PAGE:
Saturday, January 25, 2020

You Can’t Understand a Dream without the Dreamer

“No interpretation can be undertaken without the dreamer. The words composing a dream narrative have not just one meaning, but many meanings. If, for instance, someone dreams of a table, we are still far from understanding what the ‘table’ of the dreamer signifies, although the word ‘table’ sounds unambiguous enough. For the thing we do not know is that this ‘table’ is the very one at which his father sat when he refused the dreamer all further financial help and threw him out of the house as a good-for-nothing. That is what our dreamer understand by ‘table’. Therefore we need the dreamer’s help in order to limit the multiple meanings of words to those that are essential and convincing [for the dreamer]. – C.G. Jung, “On the Nature of Dreams" (1948)
     In our Active Dreaming approach, we respect this cardinal rule through the first questions we put to a dreamer about their dream. The very first question is, “How did you feel on first leaving the dream?” This provides immediate – and often the best – guidance to the basic character of the dream, whether it is negative or positive, urgent and personal or something else. If a bear turns up in your dream house and you wake up feeling cheerful, your bear is clearly very different from the kind people flee from, at least in your perception and availability for interaction. If you are at work in a humdrum situation but wake with feelings of crawling dread, there is something in that scene – perhaps something that will unfold in the future – you need to understand and be ready to contain or head off.
    The next question we ask is the reality check. It has two aspects:

What do you recognize from this dream in the rest of your life, including the life of your imagination; and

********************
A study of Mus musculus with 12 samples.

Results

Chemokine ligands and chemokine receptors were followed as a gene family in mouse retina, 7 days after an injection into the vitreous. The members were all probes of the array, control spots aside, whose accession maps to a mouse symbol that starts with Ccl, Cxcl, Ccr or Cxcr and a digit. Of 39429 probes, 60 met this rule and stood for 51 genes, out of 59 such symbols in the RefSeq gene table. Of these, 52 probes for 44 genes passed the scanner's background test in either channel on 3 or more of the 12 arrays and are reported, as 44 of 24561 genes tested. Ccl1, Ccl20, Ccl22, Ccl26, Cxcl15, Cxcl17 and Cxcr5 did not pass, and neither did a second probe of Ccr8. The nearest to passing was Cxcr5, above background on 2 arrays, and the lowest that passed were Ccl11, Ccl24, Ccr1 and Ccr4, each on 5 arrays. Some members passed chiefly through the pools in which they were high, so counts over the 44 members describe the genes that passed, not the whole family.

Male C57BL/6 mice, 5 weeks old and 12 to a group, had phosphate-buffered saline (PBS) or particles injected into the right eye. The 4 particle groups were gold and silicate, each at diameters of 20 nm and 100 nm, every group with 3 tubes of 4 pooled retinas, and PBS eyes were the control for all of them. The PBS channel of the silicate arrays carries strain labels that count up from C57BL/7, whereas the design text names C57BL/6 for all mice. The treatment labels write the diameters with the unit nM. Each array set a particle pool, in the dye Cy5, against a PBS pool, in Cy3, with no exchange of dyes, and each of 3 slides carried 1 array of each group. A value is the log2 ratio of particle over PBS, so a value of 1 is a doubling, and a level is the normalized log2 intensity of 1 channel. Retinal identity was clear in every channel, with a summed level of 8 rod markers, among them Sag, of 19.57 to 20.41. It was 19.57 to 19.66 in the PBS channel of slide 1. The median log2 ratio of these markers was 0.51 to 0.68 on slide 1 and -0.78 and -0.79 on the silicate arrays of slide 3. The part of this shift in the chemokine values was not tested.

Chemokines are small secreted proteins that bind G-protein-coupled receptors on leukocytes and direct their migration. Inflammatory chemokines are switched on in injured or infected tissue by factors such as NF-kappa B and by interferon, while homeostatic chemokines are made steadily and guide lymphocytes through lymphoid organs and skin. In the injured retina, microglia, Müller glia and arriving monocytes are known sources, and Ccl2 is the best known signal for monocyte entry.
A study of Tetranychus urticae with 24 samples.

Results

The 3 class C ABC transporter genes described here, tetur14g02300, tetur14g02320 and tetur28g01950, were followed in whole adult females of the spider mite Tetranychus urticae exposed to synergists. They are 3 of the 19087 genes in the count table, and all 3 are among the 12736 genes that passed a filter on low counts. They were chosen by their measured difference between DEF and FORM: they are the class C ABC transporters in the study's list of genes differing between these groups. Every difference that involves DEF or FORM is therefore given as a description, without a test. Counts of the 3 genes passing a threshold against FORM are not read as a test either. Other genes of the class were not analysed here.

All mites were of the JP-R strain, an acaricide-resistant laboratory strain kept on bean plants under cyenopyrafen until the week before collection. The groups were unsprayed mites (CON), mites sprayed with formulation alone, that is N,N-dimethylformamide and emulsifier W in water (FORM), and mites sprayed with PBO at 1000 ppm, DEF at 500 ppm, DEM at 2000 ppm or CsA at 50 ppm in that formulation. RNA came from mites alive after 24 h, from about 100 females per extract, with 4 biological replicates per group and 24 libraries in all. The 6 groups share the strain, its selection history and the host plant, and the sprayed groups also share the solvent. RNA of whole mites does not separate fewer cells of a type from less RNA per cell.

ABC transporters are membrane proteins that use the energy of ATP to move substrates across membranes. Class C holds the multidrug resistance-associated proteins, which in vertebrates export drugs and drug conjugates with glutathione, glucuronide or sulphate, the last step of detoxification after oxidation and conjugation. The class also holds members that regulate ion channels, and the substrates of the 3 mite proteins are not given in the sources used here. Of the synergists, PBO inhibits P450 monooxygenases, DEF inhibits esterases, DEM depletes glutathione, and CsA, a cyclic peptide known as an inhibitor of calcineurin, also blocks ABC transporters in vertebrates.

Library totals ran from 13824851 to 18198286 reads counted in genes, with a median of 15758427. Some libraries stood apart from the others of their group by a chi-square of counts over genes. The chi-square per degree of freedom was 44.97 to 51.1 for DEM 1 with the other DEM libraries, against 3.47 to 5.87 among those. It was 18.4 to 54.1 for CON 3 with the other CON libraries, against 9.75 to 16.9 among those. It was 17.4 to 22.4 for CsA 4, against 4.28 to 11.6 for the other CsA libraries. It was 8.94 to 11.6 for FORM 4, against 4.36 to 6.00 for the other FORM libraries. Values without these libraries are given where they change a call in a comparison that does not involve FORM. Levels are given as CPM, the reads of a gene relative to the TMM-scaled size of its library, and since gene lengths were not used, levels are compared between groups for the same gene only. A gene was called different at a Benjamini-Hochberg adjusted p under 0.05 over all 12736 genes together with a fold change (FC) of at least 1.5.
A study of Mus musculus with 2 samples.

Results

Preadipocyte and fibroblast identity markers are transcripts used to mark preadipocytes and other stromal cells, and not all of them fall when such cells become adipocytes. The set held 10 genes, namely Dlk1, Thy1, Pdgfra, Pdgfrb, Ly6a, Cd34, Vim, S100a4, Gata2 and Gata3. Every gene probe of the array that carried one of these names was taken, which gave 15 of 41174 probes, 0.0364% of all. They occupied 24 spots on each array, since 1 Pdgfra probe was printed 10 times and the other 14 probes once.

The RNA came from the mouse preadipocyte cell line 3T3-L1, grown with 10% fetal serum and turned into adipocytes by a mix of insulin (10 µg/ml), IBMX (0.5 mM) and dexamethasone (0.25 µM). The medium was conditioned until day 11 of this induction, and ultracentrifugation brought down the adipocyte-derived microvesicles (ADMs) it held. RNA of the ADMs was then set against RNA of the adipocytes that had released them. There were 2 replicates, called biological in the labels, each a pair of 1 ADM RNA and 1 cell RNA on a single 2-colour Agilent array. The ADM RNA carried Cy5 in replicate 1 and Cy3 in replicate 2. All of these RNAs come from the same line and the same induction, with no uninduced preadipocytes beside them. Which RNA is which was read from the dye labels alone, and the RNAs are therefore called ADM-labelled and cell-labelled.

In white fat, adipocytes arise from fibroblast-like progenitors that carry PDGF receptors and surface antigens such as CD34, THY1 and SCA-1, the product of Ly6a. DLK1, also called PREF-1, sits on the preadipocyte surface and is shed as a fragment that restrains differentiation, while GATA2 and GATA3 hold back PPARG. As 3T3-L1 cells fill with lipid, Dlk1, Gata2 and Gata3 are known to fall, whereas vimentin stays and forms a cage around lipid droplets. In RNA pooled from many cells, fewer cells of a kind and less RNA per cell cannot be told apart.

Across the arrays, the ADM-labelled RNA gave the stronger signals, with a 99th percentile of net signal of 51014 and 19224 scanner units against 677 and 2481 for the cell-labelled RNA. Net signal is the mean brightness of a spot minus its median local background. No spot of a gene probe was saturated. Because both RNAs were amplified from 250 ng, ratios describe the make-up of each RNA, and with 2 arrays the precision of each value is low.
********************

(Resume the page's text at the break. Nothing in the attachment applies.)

Could any part of this dream play out in the future, literally or symbolically?

The question about the future is vitally important because dreams often rehearse us for challenges and opportunities that lie ahead and sometimes give us very clear precognition (a phenomenon that Jung, for all his brilliance on many fronts, was slow to accept).
     The first part of our reality check answers Jung’s concern by taking the elements of the dream straight to the dreamer and locating them in the context of their outer and inner life. I will never forget listening, in a dream sharing circle, to a dream of bats. Everyone there had strong feelings and associations with bats, across a wide spectrum from bats in the belfry to witches, from speleology to being able to navigate in the dark.  Some were quivering with eagerness to offer feedback on the dream. “If it were m dream, the bats would mean…” But wait. First we do the feelings: cheerful, confident. Then we do the reality check. “Have you encountered bats in your life?”
    “Oh yeah,” the dreamer said nonchalantly.”I kept bats as a pet when I was a kid.”
     I don’t think we had ever met someone who kept bats as pets and regarded them as delightful childhood playmates. This took our dreamwork in an entirely different direction from where it might otherwise have gone. You can't understand a dream without the dreamer, and the bats in your dream are not the same as the bats in my dream.